The title, First Love, suggests a story about young people; Mee's first surprise is that the two central characters are senior citizens. Dowdy Edith (Ruth Maleczech) awakens a rumpled, old man named Harold (Frederick Neumann) who is stretched out, sleeping on a park bench. She wants to sit down. Grouchy and grumpy, Harold finally relents only to discover that he has quite a lot in common with this pushy old crone; they are both unreformed lefties from a bygone political era. The pair kindles a relationship based on shared memories of people they knew and causes they lost.
Mee's second surprise is his decision to examine love with a certain dispassion. His characters speak lines that have a passing similarity to everyday language only insofar as the words possess vowels and consonants. This choice, while thoroughly valid, requires that the playwright compensate for the lack of reality with intellectual rigor, clever writing, and pointed insights; instead, what we often get is arch, forced dialogue. First Love does provide the occasional shock of recognition, but falls short in so many other respects.
As the play unfolds, we follow the elderly couple as they fall in love and then do everything possible, in fits and starts, to mess up their relationship. Now, that's real life! The fits are pretty good theater--as when Edith, in a rage at her wayward man, smashes plates on the floor. The starts are another matter--i.e., the start of almost every scene. As directed by the playwright's sister, Erin B. Mee, First Love moves forward with an awkwardness that heightens the play's artificiality. We travel from the park to a restaurant where a waitress (Jennifer Hall) arrives and eventually exits through a refrigerator door. That's cute, but it hardly makes the scene more credible. The characters move like chess pieces across the set: They travel from Edith's apartment (you can tell by the couch) to a more symbolic locale under a leafless tree branch that extends through two walls, its smaller branches spreading like a dying hand over the center of the stage. Klara Zieglerova's flashy, provocative set fully serves the play's dehumanizing sense of distance.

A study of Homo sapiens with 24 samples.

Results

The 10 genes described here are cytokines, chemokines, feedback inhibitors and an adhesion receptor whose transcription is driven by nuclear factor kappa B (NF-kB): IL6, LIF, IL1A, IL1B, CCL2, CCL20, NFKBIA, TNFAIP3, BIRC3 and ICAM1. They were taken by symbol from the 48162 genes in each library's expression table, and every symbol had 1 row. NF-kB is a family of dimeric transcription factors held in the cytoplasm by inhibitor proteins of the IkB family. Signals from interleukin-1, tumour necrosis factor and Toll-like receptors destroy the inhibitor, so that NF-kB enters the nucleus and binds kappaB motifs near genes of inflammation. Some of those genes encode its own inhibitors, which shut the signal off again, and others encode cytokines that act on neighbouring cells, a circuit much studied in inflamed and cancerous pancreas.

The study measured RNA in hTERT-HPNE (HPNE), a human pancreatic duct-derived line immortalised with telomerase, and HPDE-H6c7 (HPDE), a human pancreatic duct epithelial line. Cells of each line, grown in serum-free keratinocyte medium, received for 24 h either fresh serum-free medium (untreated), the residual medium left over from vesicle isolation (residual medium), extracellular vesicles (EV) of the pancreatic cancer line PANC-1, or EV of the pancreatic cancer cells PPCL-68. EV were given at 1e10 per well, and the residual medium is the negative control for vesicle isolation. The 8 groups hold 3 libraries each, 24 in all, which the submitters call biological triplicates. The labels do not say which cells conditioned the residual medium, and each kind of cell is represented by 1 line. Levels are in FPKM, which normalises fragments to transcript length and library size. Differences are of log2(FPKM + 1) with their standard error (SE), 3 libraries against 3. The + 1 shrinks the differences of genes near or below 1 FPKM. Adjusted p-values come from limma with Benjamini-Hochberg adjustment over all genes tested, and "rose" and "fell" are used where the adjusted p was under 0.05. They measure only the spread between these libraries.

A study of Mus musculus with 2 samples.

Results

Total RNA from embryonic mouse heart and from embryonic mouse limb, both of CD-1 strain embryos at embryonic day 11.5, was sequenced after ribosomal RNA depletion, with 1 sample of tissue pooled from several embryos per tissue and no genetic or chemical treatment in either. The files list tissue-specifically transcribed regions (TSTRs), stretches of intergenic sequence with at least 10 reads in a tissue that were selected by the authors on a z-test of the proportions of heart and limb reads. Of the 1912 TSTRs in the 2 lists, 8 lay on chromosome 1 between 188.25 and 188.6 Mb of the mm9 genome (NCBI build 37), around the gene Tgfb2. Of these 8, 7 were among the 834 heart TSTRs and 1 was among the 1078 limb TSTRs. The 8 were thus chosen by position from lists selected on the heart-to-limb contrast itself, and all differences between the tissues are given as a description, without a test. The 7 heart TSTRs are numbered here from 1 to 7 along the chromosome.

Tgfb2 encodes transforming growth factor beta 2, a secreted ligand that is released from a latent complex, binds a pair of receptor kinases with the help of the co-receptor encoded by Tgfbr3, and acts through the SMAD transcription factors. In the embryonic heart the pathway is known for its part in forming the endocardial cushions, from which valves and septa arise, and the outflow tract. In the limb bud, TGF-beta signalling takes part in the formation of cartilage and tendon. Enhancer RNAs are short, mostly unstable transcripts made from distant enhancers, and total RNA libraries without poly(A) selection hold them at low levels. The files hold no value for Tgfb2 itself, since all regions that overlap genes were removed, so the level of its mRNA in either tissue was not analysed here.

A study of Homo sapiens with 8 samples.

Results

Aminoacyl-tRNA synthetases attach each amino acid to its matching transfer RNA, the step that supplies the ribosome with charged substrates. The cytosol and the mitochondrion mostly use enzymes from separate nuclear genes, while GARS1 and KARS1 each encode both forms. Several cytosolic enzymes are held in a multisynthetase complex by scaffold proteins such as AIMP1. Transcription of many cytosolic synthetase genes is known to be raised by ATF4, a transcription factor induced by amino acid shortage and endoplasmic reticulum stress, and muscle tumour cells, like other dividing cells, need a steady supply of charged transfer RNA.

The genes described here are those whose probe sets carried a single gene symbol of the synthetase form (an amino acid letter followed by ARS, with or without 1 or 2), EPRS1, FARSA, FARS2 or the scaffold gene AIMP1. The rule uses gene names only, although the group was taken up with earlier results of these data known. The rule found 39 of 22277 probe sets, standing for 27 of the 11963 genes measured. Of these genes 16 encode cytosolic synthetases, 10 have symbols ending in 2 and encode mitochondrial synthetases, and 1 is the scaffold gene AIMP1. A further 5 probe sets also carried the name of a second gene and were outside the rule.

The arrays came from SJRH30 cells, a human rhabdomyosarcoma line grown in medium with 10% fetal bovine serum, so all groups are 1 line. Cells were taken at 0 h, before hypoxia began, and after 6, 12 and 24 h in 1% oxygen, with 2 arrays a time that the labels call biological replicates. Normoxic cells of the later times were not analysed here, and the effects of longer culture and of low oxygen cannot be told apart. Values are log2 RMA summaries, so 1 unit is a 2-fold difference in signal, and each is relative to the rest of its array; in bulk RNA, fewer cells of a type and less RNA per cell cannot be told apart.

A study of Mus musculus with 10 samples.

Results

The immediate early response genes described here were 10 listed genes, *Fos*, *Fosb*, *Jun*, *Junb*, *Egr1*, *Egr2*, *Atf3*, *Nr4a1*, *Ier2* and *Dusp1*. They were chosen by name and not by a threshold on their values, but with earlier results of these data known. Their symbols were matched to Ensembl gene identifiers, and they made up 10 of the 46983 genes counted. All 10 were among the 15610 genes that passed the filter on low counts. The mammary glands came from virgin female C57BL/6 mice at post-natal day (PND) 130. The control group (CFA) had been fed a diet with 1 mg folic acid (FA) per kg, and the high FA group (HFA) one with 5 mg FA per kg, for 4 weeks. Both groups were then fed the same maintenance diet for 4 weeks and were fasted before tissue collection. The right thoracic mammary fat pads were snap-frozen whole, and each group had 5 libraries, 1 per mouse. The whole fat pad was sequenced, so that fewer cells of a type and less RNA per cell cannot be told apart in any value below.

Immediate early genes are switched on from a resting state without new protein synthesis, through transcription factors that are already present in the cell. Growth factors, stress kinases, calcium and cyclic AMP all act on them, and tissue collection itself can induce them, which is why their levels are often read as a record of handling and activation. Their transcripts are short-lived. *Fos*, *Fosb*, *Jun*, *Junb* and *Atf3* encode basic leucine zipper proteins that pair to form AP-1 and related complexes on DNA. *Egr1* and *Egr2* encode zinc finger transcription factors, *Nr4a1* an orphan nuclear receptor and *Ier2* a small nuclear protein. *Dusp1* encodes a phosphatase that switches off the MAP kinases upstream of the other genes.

When the characters do move us, it is usually despite the play, not because of it. Maleczech cunningly modulates her performance to give nuance and subtlety to what would otherwise be a caricature of a woman; she moves from loneliness to love and back again with a pitiable honesty. Her counterpart, Neumann, doesn't offer the same rich palette of acting choices, but his blustery presence gives Maleczech much to work against. Jennifer Hall, who also plays Neumann's fantasy lover, is far better as a campy vamp than as the gum-cracking waitress.